Carbuncle Risk Factors

Learn more about this collection of infected hair follicles

Carbuncle on elbow


Risk Factors

Some factors put you at elevated risk for developing carbuncles. These include: having a compromised immune system, having diabetes, having skin conditions such as acne or eczema, and having close contact with a person who has a staph infection. 

What Does a Carbuncle Look Like?

A carbuncle usually extends into the deeper layers of the skin – the subcutaneous fat. It forms into a broad, red, hot, painful nodule that often drains pus through multiple openings of the skin. Someone who has a carbuncle likely will feel sick and have a fever and fatigue. Carbuncles tend to occur in areas with thicker skin like the nape of the neck, the back, or the thighs.

How It's Diagnosed

If you think that you may have a carbuncle, call your primary care provider or a dermatologist (a doctor who specializes in treating the skin). Carbuncles are diagnosed based on their typical appearance, but sometimes they can be confused with a ruptured epidermoid cyst. There aren't any tests that are performed to decide whether an infection is a carbuncle, but often the pus inside the carbuncle is tested with a gram stain or bacterial culture to determine whether the bacterium causing the infection is a typical Staphylococcus aureus (a.k.a. staph) strain or one that is resistant to the usual penicillin-type antibiotics (like MRSA, see below for more details).

Common Treatment 

Because carbuncles usually contain a significant amount of pus, they are often first treated with a procedure called incision and drainage (I&D). This drains the pus and allows the infection to heal from the inside out. (It's best not to try to do this yourself at home by pricking it or squeezing it, because you may end up making it worse and spreading the infection.)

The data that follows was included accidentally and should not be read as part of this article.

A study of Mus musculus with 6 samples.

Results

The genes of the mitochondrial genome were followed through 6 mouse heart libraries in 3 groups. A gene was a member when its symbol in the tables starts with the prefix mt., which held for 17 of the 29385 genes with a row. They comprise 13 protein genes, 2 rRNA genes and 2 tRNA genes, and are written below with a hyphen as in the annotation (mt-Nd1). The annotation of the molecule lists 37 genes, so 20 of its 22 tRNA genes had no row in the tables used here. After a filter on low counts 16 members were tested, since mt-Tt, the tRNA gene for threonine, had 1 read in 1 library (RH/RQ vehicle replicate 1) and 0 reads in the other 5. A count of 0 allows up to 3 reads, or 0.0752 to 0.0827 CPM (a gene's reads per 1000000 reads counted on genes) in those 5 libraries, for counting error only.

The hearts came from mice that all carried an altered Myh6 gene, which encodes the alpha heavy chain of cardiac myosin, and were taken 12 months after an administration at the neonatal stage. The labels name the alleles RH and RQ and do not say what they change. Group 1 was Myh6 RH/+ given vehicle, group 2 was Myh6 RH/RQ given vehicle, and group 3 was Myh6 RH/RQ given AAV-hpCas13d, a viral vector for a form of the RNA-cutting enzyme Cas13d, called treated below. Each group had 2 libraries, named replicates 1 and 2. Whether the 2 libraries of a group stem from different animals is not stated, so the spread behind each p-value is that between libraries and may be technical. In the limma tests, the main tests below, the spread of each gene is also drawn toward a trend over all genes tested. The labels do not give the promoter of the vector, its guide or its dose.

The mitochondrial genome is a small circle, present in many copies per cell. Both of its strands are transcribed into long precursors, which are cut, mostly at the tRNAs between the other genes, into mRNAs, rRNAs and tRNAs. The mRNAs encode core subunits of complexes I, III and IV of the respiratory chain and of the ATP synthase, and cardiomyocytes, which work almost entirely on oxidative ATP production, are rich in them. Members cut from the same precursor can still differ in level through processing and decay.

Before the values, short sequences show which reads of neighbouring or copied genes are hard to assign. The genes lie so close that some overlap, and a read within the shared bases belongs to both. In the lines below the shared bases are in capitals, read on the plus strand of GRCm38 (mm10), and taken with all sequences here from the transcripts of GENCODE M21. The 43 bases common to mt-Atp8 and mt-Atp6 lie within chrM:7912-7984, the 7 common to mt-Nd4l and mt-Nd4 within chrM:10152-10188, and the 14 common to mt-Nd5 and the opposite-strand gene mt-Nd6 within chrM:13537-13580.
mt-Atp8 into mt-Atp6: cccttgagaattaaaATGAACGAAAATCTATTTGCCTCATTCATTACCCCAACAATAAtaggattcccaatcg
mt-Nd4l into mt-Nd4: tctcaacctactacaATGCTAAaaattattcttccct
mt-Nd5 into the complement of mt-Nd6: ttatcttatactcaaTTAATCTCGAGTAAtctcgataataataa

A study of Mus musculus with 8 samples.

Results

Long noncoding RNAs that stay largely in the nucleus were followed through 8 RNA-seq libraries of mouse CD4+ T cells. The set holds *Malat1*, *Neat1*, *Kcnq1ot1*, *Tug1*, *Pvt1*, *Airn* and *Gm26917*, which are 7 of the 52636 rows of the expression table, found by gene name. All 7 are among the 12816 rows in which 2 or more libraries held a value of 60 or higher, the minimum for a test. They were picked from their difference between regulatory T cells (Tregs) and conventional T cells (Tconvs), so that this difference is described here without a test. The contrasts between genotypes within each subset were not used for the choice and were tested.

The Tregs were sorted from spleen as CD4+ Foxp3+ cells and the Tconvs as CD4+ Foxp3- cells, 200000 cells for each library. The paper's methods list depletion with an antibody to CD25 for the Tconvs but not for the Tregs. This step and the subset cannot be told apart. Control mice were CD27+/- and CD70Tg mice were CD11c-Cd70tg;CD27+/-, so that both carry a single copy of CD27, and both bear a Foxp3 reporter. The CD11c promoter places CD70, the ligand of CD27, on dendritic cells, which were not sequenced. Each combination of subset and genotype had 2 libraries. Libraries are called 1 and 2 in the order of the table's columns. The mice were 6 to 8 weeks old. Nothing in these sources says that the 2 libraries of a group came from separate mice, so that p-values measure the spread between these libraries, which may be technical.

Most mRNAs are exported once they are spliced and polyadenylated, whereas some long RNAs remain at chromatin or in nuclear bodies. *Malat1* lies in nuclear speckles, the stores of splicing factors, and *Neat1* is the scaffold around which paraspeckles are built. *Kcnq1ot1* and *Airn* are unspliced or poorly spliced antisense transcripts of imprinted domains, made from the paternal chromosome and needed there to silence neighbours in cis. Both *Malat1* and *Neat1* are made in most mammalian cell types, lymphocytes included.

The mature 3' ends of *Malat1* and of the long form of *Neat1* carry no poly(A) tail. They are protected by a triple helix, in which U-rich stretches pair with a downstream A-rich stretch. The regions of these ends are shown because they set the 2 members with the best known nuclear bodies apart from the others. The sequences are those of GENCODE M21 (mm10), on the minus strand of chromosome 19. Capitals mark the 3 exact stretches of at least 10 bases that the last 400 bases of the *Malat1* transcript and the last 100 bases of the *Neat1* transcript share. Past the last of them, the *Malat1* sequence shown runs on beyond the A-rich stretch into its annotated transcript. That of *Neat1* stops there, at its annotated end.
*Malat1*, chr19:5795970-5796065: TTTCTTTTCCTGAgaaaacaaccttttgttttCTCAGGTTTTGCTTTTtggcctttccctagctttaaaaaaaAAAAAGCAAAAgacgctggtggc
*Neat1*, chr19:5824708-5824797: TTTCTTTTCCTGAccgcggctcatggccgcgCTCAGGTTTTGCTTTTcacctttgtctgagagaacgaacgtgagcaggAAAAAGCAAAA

Since carbuncles are typically caused by the bacterium Staphylococcus aureus, the usual medications that are used to treat staph infections include the antibiotics dicloxacillin or cephalexin. 

Unfortunately, there is a somewhat new strain of staph that is resistant to these types of antibiotics. For more on that, keep reading.

Once the carbuncle has healed, there may be a scar. 

Carbuncles Caused by MRSA

Over the past several years, there has been a sharp increase in the incidence of infections caused by a special strain of Staphylococcus aureus that is resistant to the normal penicillin-based antibiotic treatment. Until recently, MRSA (short for methicillin-resistant Staphylococcus aureus) was an uncommon bacterial strain that occurred in nursing homes and other long-term care facilities. But with the overuse of antibiotics for conditions that don't require antibiotics, MRSA infections are now, unfortunately, common in certain regions of the United States.

These infections often occur spontaneously in the groin, buttock, and upper thigh region. Currently, there are antibiotics that do treat this resistant strain. The antibiotic of choice for MRSA infections that were not acquired from a hospital or long-term care facility is trimethoprim-sulfamethoxazole (a.k.a. Septra or Bactrim). The next option is clindamycin, especially for people who are allergic to sulfa.


  • Halpern, Analisa, and Warren Heymann. "Bacterial Diseases." Dermatology. 2nd. Ed. Jean Bolognia. New York: Mosby, 2008: 1075-84.